When we examine the plight of a player in free-fall on draft weekend, we view the whole thing as a negative experience; bringing us back to the schoolyard days when we were always worried about being picked last (of course, we didn't get paid a million dollars for dodgeball).
It may not be fun to tumble through the draft, but what about the other side of things? What about when an organization pulls off the heist of the season when a coveted player drops right into their laps where they never thought he could?
A player's unprecedented fall can shake up the entire draft by changing teams' big boards sparking trades or the famous "taking the best player available" strategy.
When a player drops, thievery abounds.
The New York Jets received a massive blessing when wide receiver Stephen Hill fell into their laps at No. 43. A 6'5'' blessing, to be exact.
Projected to go as early as the mid-20s in Round 1, Hill is a raw receiver with tremendous upside, only falling down so far because the Browns panicked, taking Mitchell Schwartz and Brandon Weeden before they had to.
The Jets will finally have a playmaker opposite Santonio Holmes.
Lamar Miller is the fastest running back in the 2012 draft class. Even in a world where running backs are undervalued, Miller projected as an early second-round pick who could possibly sneak into the bottom of Round 1 if a team fell in love with him.
Apparently, nobody did.
Miller fell to the fourth round, where the Miami Dolphins, a team utterly starved for playmakers, decided to pull the trigger.
The Dolphins already had Reggie Bush and second-year back Daniel Thomas, but Miller can provide an excellent change of pace and spark in the return game.
Even better, they got him at a fourth-round price, and he's a local from the University of Miami, a big bonus for a team looking for ways to fill seats.
Even Walmart doesn't have deals that good.
Coming in at No. 35 overall, Upshaw may not seem like that much of a steal, but factor in that the Ravens traded back for him, and this becomes a robbery.
Upshaw was arguably the second-best pass-rusher in the nation, which means a whole lot in the new pass-happy NFL. If that wasn't enough, he was the MVP of the Crimson Tide defense that shut out No. 1 LSU in the BCS Championship game.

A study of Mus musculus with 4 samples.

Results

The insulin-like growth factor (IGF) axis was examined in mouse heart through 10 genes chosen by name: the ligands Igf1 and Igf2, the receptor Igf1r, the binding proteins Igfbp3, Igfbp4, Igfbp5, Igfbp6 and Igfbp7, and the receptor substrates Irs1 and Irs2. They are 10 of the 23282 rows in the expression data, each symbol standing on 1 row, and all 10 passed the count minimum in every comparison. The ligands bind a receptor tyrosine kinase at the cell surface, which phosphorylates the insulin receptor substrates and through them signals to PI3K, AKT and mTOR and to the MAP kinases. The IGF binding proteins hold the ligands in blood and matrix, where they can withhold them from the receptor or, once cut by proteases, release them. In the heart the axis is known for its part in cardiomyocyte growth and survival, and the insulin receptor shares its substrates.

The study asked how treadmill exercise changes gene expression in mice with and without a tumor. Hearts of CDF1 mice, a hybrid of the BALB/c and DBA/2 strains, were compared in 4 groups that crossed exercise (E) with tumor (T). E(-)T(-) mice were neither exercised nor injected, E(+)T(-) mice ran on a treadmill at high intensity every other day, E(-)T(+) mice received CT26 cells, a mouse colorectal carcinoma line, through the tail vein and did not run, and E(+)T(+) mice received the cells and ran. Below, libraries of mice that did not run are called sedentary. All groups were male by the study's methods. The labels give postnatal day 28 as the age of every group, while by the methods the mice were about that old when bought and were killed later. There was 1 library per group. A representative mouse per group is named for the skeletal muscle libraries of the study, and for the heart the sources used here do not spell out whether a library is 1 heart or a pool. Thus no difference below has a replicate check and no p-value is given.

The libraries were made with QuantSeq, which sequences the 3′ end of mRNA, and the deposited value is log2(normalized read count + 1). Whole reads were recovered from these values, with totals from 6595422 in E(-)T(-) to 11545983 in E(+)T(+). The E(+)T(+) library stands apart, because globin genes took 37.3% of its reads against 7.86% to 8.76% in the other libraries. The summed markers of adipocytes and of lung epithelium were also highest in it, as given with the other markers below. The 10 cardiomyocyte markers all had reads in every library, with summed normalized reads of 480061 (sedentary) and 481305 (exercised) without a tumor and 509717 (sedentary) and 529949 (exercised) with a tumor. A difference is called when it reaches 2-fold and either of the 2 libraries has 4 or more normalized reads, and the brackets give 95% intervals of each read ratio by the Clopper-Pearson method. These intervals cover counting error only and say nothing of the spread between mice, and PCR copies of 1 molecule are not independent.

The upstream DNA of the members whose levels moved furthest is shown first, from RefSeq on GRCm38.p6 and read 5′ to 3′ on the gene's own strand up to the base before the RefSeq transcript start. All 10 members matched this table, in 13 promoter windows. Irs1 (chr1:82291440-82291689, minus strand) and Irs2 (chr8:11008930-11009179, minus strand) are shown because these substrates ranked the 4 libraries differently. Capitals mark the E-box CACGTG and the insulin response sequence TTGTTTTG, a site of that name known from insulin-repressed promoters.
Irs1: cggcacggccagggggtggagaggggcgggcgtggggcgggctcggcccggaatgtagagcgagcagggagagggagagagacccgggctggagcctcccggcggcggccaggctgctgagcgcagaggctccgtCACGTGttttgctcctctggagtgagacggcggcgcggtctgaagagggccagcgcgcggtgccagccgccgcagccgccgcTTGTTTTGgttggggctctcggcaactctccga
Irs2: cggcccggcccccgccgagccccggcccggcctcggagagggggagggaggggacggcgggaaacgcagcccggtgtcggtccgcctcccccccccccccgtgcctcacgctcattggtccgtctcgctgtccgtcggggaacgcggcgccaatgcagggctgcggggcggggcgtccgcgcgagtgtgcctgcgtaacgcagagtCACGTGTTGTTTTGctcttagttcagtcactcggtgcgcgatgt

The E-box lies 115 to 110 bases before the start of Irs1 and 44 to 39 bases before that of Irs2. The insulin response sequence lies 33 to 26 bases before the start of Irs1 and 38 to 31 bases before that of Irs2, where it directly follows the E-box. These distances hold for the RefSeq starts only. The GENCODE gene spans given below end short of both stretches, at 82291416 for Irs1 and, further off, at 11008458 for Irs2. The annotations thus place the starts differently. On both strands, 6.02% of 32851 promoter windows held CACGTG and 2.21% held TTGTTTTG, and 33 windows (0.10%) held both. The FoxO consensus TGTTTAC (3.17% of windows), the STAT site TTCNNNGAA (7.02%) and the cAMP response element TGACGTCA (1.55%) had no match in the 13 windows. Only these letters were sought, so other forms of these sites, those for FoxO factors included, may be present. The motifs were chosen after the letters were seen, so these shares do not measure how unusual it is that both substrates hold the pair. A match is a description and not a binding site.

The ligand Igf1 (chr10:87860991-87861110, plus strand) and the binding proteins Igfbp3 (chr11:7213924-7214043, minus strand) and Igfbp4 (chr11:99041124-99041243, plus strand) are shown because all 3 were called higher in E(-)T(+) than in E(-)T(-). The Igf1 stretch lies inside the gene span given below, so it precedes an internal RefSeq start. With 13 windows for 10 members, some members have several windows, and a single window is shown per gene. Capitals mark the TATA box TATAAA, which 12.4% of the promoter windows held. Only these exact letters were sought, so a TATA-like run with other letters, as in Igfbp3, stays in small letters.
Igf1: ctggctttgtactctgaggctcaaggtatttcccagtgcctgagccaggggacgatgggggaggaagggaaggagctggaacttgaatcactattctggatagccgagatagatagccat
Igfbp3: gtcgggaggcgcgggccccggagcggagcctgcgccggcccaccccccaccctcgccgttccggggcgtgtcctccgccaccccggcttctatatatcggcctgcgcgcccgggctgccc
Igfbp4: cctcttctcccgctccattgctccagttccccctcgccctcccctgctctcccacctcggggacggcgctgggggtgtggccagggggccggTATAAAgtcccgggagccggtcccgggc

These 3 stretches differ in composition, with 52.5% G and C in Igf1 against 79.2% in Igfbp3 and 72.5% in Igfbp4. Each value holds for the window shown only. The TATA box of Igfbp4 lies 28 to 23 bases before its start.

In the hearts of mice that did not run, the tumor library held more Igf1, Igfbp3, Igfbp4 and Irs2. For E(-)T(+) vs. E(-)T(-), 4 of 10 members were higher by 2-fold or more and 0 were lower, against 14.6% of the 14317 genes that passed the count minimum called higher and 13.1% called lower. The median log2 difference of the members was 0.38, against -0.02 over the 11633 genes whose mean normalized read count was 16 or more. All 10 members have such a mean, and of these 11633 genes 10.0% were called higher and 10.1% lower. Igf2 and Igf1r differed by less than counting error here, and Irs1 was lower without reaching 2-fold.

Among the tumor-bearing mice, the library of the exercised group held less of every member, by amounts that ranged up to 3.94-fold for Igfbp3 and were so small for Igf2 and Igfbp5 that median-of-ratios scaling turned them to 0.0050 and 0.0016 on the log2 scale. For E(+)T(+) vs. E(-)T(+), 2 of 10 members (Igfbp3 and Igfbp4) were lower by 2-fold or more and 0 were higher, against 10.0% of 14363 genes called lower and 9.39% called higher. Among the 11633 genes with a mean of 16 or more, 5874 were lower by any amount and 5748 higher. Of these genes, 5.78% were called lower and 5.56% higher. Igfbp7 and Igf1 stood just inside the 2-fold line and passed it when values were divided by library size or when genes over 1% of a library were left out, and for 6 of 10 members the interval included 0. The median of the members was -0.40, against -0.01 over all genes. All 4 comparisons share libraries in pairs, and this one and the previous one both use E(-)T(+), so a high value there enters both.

There are a few teams who may come to regret allowing the Ravens to have Upshaw.
Projected as a potential third-round pick, Zebrie Sanders has all of the physical tools required to succeed at the next level. Due to some bizarre undervaluing of offensive tackles in this draft, Sanders wasn't taken until the Bills decided to pair him with fellow steal Cordy Glenn in Round 5.
The 92nd overall ranked prospect going at No. 144?
To say the Bills got a treasure trove in this draft still doesn't quite say it.
Peter Konz is by far the best center of the 2012 class, projected as a late first- or early second-round pick. Good center prospects are few and far between, and the dearth of talent at center in the NFL should have pushed Konz's draft stock.
He still went in the second, but the fact that the Atlanta Falcons were able to grab him at 55 is shocking.
A nice steal for a team desperately in need of help on the offensive line.
The devaluing of offensive linemen continues with the fall of Jonathan Martin, projected to be a possible first-round pick, ranked as the No. 28 prospect and the fourth-best offensive tackle.
Martin should have been a sure thing for any team looking for the "best available player" or an offensive tackle at the bottom of Round 1.
The Dolphins got to use the No. 42 pick on this guy?
First stroke of luck they've had in 2012.
"Absolutely absurd" is just about the only way to describe Bobby Massie's plunge from being a possible end-of-first-rounder and No. 42-ranked prospect on the big board, to being selected at No. 112.
Thanks to this masterful heist, the Cardinals are now well on their way to being an actual team.
Rueben Randle was the No. 5 receiver in the class, the 34th-ranked prospect, the leading receiver on the No. 1 seed in college football and an incredible value where the New York Giants drafted him.
The thing that makes this difficult to understand is that receivers Alshon Jeffery and Brian Quick were drafted before him, despite Jeffery's alarming weight problem.
Whatever reason teams chose to pass on Randle (Jordan Jefferson could make Jerry Rice look bad), Jerry Reese is not one to let the best player available by that margin slip through his fingers in any draft situation.
This is how good David DeCastro is: He was actually a steal at No. 24 overall. He is, with the possible exception of Matt Kalil, the surest thing in this entire draft.
DeCastro has everything he needs to be one of the game's elite interior linemen for the next 10 years, and most mock drafts (including my own) had him going in the top 15, likely to Kansas City.
Why he was passed up by so many teams is unknown, but the Pittsburgh Steelers committed grand theft guard and insured their continued presence in the Super Bowl contenders club.
Cordy Glenn was yet another undervalued offensive line prospect in this draft. As strange as it is to see this tackle-starved league passing up on so many premium linemen, Glenn fell from an early to late first-rounder to a mid-second-round pick.
Thanks to the odd draft boards of 31 other teams, the Buffalo Bills found themselves in position to take Glenn for an unbeatable value, just as they would later do with Zebrie Sanders.
Buddy Nix was too smart to pass up this gem in the second round.